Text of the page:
This was a vote on an amendment by Rep. Lamar Smith (R-TX) that would have allowed fees collected by the U.S. Patent and Trademark Office (PTO) to be transferred to other government agencies. While this amendment (known as a “manager’s amendment”) made mostly technical changes, its language relating to PTO fees was opposed by many Democrats--who argued that it did not guarantee that PTO funds would be used exclusively for reviewing patent applications, rather than being transferred to other government agencies.
Rep. Melvin Watt (D-NC) argued that allowing fees collected by PTO to be transferred to other agencies would starve an already underfunded patent office: “This whole reform process was conceived to address poor-quality patents and to reduce the backlog of patent applications, which now exceeds a 700,000 backlog of patent applications. And the reason it exceeds 700,000 is because the Patent and Trademark Office has not had the money because their fees that they have been charging have been diverted to the general fund. Without a clear path to access its own collection of fees, the PTO cannot properly plan or implement the other changes in the bill and fulfill its primary function of reducing the backlog and examining patent applications.”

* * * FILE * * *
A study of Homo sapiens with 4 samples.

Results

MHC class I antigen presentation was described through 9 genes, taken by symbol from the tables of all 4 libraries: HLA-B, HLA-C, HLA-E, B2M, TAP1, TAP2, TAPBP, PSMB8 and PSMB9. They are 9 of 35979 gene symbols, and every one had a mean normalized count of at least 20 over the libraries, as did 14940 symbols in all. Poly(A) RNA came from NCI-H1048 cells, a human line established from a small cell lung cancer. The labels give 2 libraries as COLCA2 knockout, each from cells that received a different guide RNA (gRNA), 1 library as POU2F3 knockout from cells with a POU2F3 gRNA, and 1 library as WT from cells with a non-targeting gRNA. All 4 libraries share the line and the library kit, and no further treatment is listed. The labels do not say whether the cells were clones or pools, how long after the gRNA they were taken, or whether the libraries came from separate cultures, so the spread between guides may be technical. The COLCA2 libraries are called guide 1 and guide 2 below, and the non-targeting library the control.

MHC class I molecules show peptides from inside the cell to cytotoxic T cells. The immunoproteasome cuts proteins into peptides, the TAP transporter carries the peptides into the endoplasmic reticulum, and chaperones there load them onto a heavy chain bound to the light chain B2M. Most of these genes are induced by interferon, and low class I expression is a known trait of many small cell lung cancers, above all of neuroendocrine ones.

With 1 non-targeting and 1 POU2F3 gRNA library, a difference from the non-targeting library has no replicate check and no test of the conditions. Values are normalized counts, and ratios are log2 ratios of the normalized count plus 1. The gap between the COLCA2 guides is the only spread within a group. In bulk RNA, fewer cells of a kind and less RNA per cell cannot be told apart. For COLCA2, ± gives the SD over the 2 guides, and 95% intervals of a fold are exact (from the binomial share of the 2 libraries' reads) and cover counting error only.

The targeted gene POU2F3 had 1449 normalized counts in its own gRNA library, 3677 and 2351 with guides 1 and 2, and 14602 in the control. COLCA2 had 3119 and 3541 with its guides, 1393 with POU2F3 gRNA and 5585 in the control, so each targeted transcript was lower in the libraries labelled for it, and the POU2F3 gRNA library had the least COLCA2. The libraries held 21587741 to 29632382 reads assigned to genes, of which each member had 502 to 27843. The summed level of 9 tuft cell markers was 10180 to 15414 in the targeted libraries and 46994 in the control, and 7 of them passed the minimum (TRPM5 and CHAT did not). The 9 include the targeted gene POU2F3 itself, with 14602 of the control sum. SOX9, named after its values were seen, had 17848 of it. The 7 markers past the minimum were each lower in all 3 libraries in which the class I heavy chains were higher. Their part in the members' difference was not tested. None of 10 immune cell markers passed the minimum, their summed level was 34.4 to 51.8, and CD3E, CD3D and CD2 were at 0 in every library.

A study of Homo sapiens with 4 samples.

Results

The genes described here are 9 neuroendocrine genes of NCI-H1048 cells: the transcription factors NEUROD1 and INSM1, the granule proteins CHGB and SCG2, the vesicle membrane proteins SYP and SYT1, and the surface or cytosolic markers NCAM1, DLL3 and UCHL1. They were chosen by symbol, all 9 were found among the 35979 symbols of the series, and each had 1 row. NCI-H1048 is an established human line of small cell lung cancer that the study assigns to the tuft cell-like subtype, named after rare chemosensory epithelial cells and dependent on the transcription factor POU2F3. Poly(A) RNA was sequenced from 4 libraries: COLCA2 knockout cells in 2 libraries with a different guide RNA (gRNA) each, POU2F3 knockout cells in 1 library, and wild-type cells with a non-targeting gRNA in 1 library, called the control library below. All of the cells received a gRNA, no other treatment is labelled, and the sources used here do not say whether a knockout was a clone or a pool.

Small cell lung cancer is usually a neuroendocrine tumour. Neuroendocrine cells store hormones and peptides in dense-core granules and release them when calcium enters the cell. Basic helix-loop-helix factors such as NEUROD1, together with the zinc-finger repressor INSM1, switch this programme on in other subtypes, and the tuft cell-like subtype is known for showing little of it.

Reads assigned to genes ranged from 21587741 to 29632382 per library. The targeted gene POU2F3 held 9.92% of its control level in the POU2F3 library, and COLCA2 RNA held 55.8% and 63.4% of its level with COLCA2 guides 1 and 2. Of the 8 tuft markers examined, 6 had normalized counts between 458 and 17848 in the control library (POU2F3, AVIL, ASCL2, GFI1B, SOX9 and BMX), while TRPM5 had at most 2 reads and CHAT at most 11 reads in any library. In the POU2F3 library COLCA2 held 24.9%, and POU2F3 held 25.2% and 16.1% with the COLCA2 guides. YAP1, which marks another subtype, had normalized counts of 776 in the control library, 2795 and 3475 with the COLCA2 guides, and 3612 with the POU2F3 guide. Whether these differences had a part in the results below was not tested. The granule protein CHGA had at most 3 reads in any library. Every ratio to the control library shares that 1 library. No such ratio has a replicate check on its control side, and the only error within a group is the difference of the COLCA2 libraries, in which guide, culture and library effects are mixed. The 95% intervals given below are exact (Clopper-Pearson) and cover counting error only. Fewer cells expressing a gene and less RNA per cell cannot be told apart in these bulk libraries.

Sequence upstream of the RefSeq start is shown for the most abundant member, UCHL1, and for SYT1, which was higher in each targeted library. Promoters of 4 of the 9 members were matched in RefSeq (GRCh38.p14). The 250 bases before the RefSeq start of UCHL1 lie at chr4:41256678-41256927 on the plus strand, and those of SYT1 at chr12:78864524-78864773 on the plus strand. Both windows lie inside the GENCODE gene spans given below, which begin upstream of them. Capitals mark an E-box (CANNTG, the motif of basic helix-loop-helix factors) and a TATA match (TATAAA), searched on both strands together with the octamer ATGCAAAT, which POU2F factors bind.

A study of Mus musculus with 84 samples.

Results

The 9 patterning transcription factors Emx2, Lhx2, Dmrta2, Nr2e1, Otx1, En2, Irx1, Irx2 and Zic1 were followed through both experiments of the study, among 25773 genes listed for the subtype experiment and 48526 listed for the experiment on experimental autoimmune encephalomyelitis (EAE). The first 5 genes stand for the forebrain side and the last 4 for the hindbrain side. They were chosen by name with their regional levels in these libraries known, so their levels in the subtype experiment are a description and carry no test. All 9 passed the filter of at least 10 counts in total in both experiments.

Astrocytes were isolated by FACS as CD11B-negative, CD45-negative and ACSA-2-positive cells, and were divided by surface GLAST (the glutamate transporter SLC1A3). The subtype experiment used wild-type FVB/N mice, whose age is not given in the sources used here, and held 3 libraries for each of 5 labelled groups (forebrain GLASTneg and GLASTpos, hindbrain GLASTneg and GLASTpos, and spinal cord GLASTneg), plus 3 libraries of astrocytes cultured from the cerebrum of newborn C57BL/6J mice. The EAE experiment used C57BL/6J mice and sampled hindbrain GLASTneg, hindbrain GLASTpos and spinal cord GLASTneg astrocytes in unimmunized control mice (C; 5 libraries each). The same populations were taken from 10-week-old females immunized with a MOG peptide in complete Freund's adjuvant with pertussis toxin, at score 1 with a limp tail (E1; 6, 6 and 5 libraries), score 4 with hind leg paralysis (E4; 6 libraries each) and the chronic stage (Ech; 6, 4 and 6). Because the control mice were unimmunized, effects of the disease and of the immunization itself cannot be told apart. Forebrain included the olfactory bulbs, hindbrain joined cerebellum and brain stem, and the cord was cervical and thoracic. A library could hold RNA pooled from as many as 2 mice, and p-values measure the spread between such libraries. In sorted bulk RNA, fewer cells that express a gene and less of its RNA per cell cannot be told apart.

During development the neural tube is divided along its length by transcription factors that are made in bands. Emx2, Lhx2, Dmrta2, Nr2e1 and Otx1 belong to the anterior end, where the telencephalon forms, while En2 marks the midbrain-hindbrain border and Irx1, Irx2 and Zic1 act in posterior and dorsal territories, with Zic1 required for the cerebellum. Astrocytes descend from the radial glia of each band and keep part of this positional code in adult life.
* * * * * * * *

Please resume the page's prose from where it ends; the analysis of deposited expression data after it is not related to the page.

Smith responded that members who served on the Appropriations Committee (which is responsible for allocating funds for government agencies and programs) had objected to the requirement that PTO fees be used exclusively for patent office activities because they viewed such a restriction as an encroachment on their authority as appropriators: “Some colleagues have complained during this debate about the treatment of PTO funding in the manager's amendment. The bill that the House Judiciary Committee reported [passed] would allow the PTO to keep all the revenue it raises without having to request funding through the normal appropriations process….Because of concerns raised by the Appropriations Committee members, we worked with them to develop a compromise that eliminates fee diversion while permitting the appropriators to retain oversight through the traditional appropriations process.”
The House agreed to Smith’s amendment by a vote of 283-140. Voting “yea” were 202 Republicans and 81 Democrats. 107 Democrats—including a majority of progressives—and 33 Republicans voted “nay.” As a result, the House agreed to an amendment that would have allowed fees collected by the U.S. Patent and Trademark Office to be transferred to other government agencies.